U.S. retail gasoline prices will probably vault well over $3.00 per gallon in most parts of the country as early as this weekend after Hurricane Katrina (search) devastated the energy industry in the Gulf Coast, analysts said Wednesday.
The spike will be bad news for drivers already paying nominally the highest pump prices on record, and has led some analysts to predict a looming economic backlash.
"This in many ways is the worst-case scenario that the oil industry has been fearing," said Geoff Sundstrom, spokesman for the AAA (search) motorist group.
"On a national average, we could hit $3.25 at the pump easily, potentially even by this weekend," said Jason Schenker, economist at Wachovia Corp. "This is going to cut into consumer demand."
Katrina slammed into the Gulf Coast (search) on Monday, shutting nearly all of the Gulf of Mexico's oil production -- about a quarter of the nation's oil output -- and closing down nine refineries and several pipelines along the coast, according to government figures.
The virtual shutdown of the energy industry in the region has pushed wholesale gasoline prices roughly a dollar higher this week to over $3 a gallon on concerns that fuel supplies could run short.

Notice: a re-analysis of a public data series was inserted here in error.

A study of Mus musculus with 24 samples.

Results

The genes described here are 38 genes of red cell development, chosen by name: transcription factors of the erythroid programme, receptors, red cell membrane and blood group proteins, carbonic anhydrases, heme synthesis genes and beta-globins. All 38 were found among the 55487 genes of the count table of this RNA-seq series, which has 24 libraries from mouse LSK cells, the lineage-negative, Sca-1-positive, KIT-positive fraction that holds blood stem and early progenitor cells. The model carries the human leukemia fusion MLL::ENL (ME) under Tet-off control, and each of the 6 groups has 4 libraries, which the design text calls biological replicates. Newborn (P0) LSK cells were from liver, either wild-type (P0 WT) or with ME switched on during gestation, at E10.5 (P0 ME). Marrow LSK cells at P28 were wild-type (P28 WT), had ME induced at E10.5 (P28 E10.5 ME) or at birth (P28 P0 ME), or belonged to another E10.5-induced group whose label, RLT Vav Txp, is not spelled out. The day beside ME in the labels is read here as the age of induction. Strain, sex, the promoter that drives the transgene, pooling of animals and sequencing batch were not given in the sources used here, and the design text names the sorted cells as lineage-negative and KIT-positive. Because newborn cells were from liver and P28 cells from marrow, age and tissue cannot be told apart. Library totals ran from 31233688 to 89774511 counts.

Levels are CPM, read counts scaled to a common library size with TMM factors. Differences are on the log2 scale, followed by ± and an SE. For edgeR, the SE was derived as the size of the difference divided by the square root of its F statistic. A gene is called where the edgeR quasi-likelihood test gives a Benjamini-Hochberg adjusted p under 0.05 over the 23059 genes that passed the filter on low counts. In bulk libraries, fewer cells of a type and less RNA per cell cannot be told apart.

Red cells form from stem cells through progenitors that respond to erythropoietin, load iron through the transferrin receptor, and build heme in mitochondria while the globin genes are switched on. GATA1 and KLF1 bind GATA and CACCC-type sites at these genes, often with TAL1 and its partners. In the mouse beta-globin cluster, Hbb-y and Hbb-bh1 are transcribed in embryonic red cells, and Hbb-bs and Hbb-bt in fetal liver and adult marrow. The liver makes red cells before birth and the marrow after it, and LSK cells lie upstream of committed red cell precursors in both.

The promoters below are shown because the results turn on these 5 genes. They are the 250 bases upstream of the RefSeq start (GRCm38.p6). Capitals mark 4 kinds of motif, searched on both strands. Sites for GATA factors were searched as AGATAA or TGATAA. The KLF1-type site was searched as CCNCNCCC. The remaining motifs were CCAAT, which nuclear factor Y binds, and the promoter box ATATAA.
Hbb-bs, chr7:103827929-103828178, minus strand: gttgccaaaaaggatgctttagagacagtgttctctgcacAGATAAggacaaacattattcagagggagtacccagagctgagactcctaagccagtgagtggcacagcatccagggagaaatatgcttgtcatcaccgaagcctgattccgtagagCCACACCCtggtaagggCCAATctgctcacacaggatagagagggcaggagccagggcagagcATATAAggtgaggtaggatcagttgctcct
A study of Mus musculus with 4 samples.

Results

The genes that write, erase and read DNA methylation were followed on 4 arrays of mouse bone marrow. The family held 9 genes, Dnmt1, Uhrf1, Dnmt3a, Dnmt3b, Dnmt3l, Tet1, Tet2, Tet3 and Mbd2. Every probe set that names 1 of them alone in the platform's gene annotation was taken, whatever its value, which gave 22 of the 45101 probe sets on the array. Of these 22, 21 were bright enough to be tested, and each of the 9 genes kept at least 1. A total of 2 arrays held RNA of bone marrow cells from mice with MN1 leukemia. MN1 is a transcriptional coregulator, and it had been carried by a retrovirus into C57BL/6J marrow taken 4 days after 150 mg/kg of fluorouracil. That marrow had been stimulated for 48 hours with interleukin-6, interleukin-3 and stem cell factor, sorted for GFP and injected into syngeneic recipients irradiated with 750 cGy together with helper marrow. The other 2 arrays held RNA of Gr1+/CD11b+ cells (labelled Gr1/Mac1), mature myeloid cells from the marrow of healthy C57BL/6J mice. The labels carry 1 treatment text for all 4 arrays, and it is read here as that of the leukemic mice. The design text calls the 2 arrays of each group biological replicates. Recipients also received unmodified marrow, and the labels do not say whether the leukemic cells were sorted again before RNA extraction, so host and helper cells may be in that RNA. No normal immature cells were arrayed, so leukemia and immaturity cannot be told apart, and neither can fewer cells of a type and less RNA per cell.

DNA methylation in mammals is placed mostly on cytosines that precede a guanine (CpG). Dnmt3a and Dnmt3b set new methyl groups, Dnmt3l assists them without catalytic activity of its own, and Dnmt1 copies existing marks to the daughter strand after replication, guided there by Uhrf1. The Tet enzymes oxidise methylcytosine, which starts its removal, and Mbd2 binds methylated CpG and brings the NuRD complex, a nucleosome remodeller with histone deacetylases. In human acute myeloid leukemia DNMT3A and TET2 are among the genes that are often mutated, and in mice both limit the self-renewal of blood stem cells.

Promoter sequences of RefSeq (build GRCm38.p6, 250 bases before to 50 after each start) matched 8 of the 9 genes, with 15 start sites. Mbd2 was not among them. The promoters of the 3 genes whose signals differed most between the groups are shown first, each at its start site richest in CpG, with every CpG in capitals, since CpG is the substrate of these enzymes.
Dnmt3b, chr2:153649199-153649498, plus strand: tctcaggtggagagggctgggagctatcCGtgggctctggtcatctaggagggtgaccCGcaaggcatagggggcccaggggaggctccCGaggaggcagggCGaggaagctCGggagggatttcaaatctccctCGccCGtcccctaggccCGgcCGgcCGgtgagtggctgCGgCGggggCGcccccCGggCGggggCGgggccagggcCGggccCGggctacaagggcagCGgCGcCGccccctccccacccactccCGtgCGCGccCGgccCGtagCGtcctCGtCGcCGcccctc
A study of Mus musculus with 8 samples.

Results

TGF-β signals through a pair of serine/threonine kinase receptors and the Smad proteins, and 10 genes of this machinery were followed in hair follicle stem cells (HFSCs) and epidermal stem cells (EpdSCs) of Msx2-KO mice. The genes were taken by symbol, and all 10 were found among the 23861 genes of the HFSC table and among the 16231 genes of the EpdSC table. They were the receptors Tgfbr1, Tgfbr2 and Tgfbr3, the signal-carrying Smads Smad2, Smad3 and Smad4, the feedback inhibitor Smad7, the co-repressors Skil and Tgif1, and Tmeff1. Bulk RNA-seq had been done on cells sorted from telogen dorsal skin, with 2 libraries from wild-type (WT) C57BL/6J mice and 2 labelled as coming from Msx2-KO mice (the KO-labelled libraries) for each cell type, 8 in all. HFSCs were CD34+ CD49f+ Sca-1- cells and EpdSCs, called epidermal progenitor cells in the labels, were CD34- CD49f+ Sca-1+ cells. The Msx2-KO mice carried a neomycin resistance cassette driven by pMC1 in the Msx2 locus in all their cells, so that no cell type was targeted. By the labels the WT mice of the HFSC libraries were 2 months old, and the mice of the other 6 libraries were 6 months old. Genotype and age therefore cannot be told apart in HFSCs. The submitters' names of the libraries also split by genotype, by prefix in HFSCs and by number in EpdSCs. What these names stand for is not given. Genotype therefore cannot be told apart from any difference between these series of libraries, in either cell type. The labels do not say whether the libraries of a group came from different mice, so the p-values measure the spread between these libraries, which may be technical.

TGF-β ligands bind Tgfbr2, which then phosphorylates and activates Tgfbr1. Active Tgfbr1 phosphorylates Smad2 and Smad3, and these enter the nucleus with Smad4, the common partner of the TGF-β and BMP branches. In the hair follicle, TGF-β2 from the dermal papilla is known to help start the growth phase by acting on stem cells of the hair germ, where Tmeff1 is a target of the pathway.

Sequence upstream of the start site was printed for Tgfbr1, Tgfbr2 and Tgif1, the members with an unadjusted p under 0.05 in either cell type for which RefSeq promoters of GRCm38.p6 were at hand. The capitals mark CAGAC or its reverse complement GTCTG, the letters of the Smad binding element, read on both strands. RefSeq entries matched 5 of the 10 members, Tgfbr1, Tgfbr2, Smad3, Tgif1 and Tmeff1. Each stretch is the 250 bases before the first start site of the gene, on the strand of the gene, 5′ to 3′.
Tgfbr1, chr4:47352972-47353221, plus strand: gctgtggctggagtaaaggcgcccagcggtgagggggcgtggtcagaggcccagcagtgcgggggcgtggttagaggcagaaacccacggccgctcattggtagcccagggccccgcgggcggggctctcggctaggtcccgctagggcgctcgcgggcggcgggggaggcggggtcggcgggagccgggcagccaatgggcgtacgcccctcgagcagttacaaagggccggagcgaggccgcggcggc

The Gulf of Mexico is home to the majority of the nation's refineries and pipelines, meaning problems there will be felt across the country.
The spike has already put many U.S. gasoline retailers in the red by forcing them to buy at sharply higher rates, and the impact will shortly hit consumers.
"We're in hyperdrive," said Jeff Lenard, spokesman for the National Association of Convenience Stores (search), which accounts for about three-quarters of the U.S. gasoline sold. "These wholesale increases are going to be felt almost immediately."
He added, "Right now we're losing money on every sale as we slowly pass on these increases, and in the meantime we're being called all kinds of names."
Gasoline futures on the New York Mercantile Exchange (search) spiked above $2.90 a gallon on Wednesday, up a dollar from last Friday's settlement. Cash prices in the Gulf Coast and Midwest have shot up even further.
"My rule of thumb is that the national average pump price will typically be 65 cents higher than the NYMEX price," said Mark Routt of Boston-based Energy Security Analysis Inc. "Most of that will get passed to consumers within three weeks."
The price rise could bring the cost of gasoline above the inflation-adjusted peaks in the early 1980s.
The AAA motor club on Wednesday showed the national average for regular gasoline at $2.62 a gallon, a nominal record. This compares with an average of $1.86 a year ago.